If you are alive, chances are you have experienced loss in your lifetime. The loss of a job, loss of your youth, loss of a friendship, and the ultimate and heart breaking loss of a loved one can leave you with a gaping hole in your heart.
I have recently experienced the loss of my best friend; my roommate of 17 years. He was with me during the good, the bad, and the very ugly and listened to my woes without judgement or ridicule. He was my cat, Kato.
As his health was quickly deteriorating and I knew I had the inevitable decision to make, I braced myself for yet another period of grieving. The trouble with grieving is, as I learned through the death of my father, if you put it off or rush through it, it comes back years later with a vengeance. We all must go through the process of grief as it is a part (albeit an uncomfortable, rip-your-heart-out-and-stomp-on-it, crappy time) of good health.
When my father was dying, I immersed myself in the writings of Elisabeth Kubler-Ross. Her book, On Death and Dying (1969), was a brilliant examination of the process of death, dying and grief. She helped me understand the suggested five stages of grief (challenged by many, but still valuable); denial, anger, bargaining, depression, and acceptance. Being aware of these stages helped me understand my thoughts and emotion-driven behaviour as I began moving through each stage.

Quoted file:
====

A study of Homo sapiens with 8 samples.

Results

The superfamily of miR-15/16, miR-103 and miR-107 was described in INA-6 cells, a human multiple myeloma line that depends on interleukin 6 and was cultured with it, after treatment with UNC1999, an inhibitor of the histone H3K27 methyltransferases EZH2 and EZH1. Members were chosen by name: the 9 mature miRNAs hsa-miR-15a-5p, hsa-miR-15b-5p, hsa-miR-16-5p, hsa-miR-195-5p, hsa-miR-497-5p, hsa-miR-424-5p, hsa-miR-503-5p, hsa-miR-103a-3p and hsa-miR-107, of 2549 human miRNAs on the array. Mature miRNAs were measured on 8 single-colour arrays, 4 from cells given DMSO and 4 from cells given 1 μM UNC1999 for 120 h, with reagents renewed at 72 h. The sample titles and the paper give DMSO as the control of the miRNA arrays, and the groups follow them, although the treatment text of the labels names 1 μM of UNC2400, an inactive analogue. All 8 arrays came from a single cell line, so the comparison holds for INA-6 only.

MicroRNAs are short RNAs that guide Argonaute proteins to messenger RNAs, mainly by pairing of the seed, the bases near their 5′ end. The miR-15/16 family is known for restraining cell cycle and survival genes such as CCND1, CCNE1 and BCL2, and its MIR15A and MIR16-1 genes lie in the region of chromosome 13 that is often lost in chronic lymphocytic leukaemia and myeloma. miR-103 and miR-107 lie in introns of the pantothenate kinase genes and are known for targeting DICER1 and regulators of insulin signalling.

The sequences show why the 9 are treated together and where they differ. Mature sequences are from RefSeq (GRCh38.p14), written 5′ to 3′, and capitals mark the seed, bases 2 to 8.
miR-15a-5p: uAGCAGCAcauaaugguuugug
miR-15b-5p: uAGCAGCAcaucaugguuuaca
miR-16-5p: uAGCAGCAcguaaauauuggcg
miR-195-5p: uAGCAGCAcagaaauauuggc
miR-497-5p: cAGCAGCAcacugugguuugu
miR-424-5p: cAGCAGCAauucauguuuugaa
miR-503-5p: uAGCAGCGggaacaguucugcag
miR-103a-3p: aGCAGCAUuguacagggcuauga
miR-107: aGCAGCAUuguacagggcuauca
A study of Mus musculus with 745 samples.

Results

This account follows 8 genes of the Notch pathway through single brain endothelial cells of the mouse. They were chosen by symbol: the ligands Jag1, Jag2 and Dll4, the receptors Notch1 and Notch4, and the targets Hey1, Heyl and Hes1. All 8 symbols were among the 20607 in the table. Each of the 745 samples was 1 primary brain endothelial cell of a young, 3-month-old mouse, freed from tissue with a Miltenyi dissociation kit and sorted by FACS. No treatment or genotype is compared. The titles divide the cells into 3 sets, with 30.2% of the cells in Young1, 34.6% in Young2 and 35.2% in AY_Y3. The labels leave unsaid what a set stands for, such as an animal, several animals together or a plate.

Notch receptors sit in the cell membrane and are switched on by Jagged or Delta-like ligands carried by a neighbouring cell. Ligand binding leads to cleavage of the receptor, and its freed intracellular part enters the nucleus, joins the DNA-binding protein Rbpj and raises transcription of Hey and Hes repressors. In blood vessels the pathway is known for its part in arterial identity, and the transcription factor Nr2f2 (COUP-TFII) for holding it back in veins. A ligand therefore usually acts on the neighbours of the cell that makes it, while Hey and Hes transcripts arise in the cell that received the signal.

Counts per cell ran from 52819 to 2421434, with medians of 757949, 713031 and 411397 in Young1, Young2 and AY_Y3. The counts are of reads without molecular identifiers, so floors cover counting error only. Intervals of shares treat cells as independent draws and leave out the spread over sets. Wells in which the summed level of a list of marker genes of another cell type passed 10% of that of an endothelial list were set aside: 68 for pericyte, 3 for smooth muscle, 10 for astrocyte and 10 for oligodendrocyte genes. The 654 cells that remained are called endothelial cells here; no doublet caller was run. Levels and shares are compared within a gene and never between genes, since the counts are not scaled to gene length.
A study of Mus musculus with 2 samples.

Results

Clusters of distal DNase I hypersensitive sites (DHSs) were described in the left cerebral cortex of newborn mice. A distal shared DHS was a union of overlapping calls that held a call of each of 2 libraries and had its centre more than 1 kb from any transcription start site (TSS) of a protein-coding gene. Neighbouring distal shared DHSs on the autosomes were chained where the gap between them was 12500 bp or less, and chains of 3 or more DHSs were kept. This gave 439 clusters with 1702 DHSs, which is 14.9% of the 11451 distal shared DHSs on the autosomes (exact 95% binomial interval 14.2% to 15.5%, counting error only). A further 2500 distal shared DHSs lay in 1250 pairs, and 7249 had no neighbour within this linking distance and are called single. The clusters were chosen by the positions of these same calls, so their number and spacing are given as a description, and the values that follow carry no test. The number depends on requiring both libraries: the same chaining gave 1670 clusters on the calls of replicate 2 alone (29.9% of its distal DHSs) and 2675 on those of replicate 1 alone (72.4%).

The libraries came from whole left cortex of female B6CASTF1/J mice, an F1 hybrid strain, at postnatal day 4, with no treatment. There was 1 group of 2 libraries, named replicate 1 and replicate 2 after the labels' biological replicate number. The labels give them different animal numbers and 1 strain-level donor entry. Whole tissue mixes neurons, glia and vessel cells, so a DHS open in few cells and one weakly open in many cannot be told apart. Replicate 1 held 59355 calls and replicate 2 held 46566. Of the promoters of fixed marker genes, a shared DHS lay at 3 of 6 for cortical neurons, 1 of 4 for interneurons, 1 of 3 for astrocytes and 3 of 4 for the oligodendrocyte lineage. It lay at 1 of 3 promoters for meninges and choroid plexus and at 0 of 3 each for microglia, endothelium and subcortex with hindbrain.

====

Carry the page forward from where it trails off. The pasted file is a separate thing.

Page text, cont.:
Shock and denial, the first stage is the worst. I wandered the house repeating to myself, “I can’t believe he’s gone.” I thought I saw him hop on the bed or walk to his food dish… how can he no longer be here? Yup, this stage sucks the funny right out of life. It’s waking up in the morning feeling good and then it hits me…. he’s gone. It’s crying because I found a crumb of his food on the kitchen floor. It hurts and it is healthy.
Unfortunately, the process of grieving doesn’t have a timeline. Everyone grieves differently and does it in their own way. For me, after euthanizing Kato, I wiped my schedule clean and gave myself time to allow the process of grieving to happen. It came in waves, it hit hard, it took a break, it hit again. There was no meaningful pattern (that I knew of) but my awareness of the importance of letting it happen was key to the healthy process of grieving.
I am now moving into the stage of depression and plan to be there for as long as it takes. I may not feel the joy and passion for life during this time, but I know that is okay as it is a part of the process. Understanding this process and trusting that I will feel passion and happiness again helps me to move through it at my own pace without rushing to feel better.
When we reach the final stage of acceptance it’s like reaching the finish line of a long, gruelling run. The clouds will part, we will feel joy again, and find meaning through the experience. Meanwhile, it is important to remember that to be healthy and well balanced, we must allow for the perceived “underbelly of balance” to emerge. We must feel the harder feelings and experience the grief before we can move on. If we put it off for another day, we will find it harder to find balance and well-being in the future.
Kathi Cameron holds a masters degree in Exercise and Health Psychology and is an author and speaker on topics related to health promotion and realistic health behaviour change.